About the Escrow Law

The Escrow Law is contained in Division 6 (commencing with Section 17000) of the California Financial Code . The regulations are contained in Subchapter 9, Title 10, California Code of Regulations commencing with Section 1700 (10 C.C.R. § 1700, et seq.).

The Escrow Law protects members of the public who entrust their money or other assets to independent escrow agents in California. Escrow agents, joint control agents and Internet escrow agents are subject to the provisions of the Escrow Law.

 

Who is Required to Obtain a License

The Department of Business Oversight licenses and regulates escrow agents, joint control agents and Internet escrow agents in California. The definitions in the Escrow Law determine who is subject to the licensing requirements of the law.

Persons or companies performing escrow services over the Internet in California, or performing escrow services over the Internet for consumers in California, are subject to the licensing requirements of the Escrow Law. See Press Release No. 00-13 on the Department's website for information regarding the enforcement of these licensing requirements.

Finally, the Escrow Law defines "escrow" as "any transaction wherein one person, for the purpose of effecting the sale, transfer, encumbering, or leasing of real property to another person, delivers any written instrument, money, evidence of title to real or personal property, or other thing of value to a third person to be held by such third person until the happening of a specified event or the performance of a prescribed condition, when it is then to be delivered by such third person to a grantee, grantor, promisee, promisor, obligee, obligor, bailee, bailor, or any agent or employee of any of the latter."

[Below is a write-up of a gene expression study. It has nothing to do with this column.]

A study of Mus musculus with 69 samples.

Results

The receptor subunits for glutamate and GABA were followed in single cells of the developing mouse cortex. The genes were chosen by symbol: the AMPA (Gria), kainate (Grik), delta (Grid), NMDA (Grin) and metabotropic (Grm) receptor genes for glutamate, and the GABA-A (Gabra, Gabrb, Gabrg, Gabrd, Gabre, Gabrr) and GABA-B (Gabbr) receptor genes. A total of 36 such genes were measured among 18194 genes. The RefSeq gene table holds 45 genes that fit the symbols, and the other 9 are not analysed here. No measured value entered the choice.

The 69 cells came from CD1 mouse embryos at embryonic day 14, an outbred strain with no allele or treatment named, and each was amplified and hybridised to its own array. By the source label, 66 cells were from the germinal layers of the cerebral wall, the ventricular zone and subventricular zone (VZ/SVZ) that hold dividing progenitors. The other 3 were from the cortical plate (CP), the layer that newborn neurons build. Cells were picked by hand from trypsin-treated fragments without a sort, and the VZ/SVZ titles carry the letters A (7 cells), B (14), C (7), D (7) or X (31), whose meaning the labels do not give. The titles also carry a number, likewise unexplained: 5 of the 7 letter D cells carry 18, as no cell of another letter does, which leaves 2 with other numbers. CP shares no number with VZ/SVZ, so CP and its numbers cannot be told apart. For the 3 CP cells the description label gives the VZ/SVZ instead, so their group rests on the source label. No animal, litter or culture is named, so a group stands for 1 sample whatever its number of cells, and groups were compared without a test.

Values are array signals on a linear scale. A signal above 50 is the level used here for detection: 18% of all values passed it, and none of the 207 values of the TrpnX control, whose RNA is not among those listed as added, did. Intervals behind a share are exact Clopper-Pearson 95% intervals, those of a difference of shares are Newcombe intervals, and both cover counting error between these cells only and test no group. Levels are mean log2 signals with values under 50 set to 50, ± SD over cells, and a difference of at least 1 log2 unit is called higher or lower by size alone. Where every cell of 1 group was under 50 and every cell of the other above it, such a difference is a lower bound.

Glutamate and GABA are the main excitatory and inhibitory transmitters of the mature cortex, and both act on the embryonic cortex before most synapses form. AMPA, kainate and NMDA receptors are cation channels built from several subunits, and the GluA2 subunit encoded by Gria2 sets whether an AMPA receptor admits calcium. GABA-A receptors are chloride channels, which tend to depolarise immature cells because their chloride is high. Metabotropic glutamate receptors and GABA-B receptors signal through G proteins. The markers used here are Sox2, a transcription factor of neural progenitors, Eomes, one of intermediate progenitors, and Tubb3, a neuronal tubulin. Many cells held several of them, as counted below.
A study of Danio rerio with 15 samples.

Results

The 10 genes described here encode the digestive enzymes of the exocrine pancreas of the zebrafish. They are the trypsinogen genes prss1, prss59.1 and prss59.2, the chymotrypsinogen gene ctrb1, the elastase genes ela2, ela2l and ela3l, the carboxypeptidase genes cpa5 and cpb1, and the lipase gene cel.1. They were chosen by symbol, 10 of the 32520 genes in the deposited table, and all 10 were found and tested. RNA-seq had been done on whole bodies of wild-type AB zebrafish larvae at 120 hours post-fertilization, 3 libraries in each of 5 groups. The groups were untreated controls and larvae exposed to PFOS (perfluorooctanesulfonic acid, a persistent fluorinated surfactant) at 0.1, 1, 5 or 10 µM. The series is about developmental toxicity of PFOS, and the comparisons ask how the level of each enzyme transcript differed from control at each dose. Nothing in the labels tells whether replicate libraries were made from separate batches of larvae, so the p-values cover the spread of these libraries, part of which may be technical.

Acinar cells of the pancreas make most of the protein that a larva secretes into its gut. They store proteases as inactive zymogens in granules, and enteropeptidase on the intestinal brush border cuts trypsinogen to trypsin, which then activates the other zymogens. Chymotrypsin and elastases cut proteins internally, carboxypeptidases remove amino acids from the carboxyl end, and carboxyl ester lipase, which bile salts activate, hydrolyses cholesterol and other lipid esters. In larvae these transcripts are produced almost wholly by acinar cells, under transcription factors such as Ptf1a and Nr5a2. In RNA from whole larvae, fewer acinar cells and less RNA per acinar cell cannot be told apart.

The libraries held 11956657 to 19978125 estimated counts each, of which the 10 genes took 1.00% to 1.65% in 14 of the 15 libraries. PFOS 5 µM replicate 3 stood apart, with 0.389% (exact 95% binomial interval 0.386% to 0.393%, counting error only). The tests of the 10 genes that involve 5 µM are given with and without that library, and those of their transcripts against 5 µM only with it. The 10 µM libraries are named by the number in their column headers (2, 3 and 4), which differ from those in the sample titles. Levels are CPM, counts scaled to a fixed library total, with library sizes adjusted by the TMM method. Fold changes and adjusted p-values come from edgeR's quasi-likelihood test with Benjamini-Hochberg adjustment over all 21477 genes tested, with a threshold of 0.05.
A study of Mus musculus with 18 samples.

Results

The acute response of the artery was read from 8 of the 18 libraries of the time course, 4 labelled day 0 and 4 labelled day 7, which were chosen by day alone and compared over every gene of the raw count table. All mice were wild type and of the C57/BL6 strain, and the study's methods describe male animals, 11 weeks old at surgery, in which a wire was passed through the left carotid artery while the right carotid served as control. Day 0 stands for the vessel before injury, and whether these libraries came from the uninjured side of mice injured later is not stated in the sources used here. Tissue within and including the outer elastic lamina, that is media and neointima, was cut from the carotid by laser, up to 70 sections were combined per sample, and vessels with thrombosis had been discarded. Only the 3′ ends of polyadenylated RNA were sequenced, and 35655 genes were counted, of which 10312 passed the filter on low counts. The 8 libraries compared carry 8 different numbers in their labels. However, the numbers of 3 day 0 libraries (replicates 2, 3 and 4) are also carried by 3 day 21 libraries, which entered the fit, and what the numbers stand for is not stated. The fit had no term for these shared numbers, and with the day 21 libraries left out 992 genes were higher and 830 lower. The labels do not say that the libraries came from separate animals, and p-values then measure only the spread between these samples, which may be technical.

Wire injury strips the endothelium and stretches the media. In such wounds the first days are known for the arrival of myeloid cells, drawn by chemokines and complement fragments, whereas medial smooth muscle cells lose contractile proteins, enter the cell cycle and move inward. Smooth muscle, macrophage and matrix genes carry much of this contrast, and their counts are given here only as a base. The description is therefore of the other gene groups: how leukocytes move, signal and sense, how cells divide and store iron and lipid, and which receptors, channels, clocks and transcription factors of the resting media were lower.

Who is Exempt from Licensing Requirements of the Escrow Law

  1. Any person doing business under any law of this state or the United States relating to banks, trust companies, building and loan or savings and loan associations, or insurance companies.
  2. Any person licensed to practice law in California who has a bona fide client attorney relationship with a principal in a real estate or personal property transaction and who is not actively engaged in the business of an escrow agent.
  3. Any person whose principal business is that of preparing abstracts or making searches of title that are used as a basis for the issuance of a policy of title insurance by a company doing business under any law of this state relating to insurance companies.
  4. Any real estate broker licensed by the Real Estate Commissioner while performing acts in the course of or incidental to a real estate transaction in which the broker is an agent or a party to the transaction and in which the broker is performing an act for which a real estate license is required.

The exemptions provided for in paragraphs 2 and 4 are personal to the persons listed, and those persons may not delegate any duties other than duties performed under the direct supervision of those persons. The exemptions provided for in paragraphs 2 and 4 are not available for any arrangement entered into for the purpose of performing escrow for more than one business.

The Escrow Law provides that the burden of proving an exemption is upon the person claiming it.